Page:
Sheriff Smith details money-saving, service expanding changes

Sheriff Smith details money-saving, service expanding changes

In his first press conference since taking office, Smith County Sheriff Larry Smith detailed the changes to the department he's made since his inauguration while talking about some upcoming plans.

One of the most noticeable changes Smith has implemented is going from staffing the department's downtown lobby during business hours to having it open 24 hours a day. Doors remained locked in the evenings for safety but a deputy is always available to buzz visitors in.

If you think you're spotting more deputies on the road you're right. Smith said, as of last month, a switch to 12-hour shifts is putting more deputies out in the county and on patrol at one time.

"All we were able to do before with four to eight units was react to calls," Smith said. "That's all we had any time whatsoever to do. So we're now able to do some proactive law enforcement."

Smith has also implemented a new system that holds the department more accountable for response times.

As for the black and white patrol cars themselves, they're changing from a "wrap" to a paint-job for a savings of $2,200 dollars a car.

Jail construction is on tap to be done in a year and after that the sheriff said he wants to start housing Federal inmates. That means instead of paying to send Smith County inmates out of town--like the current overcrowding requires--extra space will allow the county to collect up to $2 million a year by housing federal inmates. In turn, Smith said, that would pay off the jail expansion quicker.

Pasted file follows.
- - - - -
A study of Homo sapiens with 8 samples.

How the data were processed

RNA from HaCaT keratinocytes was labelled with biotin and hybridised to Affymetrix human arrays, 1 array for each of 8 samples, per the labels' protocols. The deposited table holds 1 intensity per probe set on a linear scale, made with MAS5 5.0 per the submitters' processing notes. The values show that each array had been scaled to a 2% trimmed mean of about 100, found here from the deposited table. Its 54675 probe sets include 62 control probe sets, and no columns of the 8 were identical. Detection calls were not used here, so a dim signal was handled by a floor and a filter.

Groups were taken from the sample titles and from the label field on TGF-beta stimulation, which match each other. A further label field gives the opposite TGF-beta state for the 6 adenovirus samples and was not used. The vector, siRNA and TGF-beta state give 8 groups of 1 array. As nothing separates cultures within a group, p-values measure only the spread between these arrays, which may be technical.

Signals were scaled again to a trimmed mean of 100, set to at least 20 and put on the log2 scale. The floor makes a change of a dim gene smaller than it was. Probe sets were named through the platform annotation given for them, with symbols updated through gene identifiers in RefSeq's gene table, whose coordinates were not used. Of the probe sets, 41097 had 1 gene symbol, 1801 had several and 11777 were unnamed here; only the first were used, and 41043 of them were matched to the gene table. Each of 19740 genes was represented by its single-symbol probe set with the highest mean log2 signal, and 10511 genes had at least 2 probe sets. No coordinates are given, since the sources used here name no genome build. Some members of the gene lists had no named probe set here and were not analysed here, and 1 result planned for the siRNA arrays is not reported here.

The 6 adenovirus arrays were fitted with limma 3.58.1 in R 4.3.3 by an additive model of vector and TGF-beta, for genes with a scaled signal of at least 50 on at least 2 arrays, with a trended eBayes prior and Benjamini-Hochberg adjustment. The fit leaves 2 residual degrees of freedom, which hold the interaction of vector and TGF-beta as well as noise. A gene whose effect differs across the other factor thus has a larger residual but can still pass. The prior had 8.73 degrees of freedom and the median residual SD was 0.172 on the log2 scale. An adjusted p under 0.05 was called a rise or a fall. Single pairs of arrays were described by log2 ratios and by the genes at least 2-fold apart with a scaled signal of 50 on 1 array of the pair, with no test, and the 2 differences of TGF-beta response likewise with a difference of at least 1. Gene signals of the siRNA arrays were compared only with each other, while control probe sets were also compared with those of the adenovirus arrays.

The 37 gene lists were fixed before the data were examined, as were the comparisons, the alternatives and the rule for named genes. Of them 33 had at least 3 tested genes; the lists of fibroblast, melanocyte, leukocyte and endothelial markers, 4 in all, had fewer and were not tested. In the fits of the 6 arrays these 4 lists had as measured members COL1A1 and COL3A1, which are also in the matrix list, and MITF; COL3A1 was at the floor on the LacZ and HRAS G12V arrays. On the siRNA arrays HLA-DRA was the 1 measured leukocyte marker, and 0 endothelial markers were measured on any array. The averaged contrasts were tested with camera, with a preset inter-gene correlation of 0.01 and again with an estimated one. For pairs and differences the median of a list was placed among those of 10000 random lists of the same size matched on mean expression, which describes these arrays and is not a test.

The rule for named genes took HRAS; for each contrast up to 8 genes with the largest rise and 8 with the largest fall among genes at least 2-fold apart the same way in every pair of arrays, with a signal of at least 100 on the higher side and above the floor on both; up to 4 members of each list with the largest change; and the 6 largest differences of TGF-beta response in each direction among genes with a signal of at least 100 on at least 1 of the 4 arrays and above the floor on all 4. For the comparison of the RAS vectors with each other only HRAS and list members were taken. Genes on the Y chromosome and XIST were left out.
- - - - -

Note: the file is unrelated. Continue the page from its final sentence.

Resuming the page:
Meanwhile, solving crimes could get a 21st century shot-in-the-arm courtesy of "tip411." The sheriff said the software has been bought and soon you'll be able to send a tip or even a picture of a crime from your smart phone. That software also allows an anonymous two-way conversation between investigators and tipsters.

"We can also send out pushes to the parents or the children or anything if we have something happening on their campus," Smith said.

Smith also highlighted recent high profile arrests like an accused murderer, an accused child molester and Smith County jailer who was arrested days after Smith took office.

"We're not going to have to call another agency in, whether it be the FBI or the Rangers or whatever to clean out from under our own door step," Smith said. "We're going to do it ourselves."